Nonfiction Monday: Henry and the Cannons

In the winter of 1775 General George Washington’s army was outside Boston. The British army held the city and the Patriots were powerless to drive them out because they had no cannons. There were cannon at Fort Ticonderoga, 300 miles away. However, that was a journey across difficult terrain in the middle of winter. It seemed impossible.

But not to Henry Knox, a Boston bookseller. Henry traveled to Fort Ticonderoga and with the help of a small group of men brought 59 cannons back to Boston. It took 50 days to cross those 300 miles. They had to go by boat, by ox cart and by foot. They crossed frozen rivers and high mountains. They dealt with mud and ice and snow. Still, they made it without a single cannon being lost (even after one fell through the ice into a frozen river).

Henry and the Cannons is a great story of perseverance. I also like that it highlights one of the less well-known episodes of a much more well-known story in history. The illustrations are mostly of a muted brown, blue or green palette which fits well with the story. A small quibble, the faces  of the men were odd to me. They look almost leonine which was slightly distracting to me. A slightly larger quibble was that I wished for more details about the story. Why did Henry Knox think that he could take on this impossible task? What did Knox go on to do after this endeavor? I would have enjoyed the inclusion of a page or two of extra material that might have more fully fleshed out Henry Knox as a person. However, overall we enjoyed this new book by Don Brown and it would make a great addition to a Revolutionary War study.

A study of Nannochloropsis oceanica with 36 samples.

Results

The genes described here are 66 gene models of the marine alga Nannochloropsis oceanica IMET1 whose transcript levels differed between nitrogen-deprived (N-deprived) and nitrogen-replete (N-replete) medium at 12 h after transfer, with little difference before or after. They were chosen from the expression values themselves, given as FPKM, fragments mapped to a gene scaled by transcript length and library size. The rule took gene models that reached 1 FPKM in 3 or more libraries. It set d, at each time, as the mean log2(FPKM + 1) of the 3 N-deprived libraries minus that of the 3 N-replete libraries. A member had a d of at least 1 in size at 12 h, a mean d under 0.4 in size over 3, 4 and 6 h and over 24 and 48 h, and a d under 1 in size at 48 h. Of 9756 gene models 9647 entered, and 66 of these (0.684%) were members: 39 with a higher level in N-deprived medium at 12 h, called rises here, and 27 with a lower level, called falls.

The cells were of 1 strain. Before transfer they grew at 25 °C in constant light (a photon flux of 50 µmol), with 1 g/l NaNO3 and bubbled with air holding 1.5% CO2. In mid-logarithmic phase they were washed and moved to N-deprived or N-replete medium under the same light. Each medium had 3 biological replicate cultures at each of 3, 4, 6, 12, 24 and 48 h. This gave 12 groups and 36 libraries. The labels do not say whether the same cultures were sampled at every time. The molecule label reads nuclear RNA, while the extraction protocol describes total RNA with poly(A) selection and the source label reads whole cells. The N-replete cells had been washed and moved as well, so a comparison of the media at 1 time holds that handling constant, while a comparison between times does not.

Nonfiction Monday is hosted today by Wendie’s Wanderings. 

3 thoughts on “Nonfiction Monday: Henry and the Cannons

  1. What a great idea for a book. That is the way to teach history. I bet the boys remember Henry Knox for a long time. In case you did not follow up on your questions about him: He was big–tall and fat. At the time of the retrieval of the cannons, he was a junior officer and 25 years old. It apparently was his idea to go get them. He became one of Washington’s most trusted generals and was later Secretary of War in Washington’s cabinet.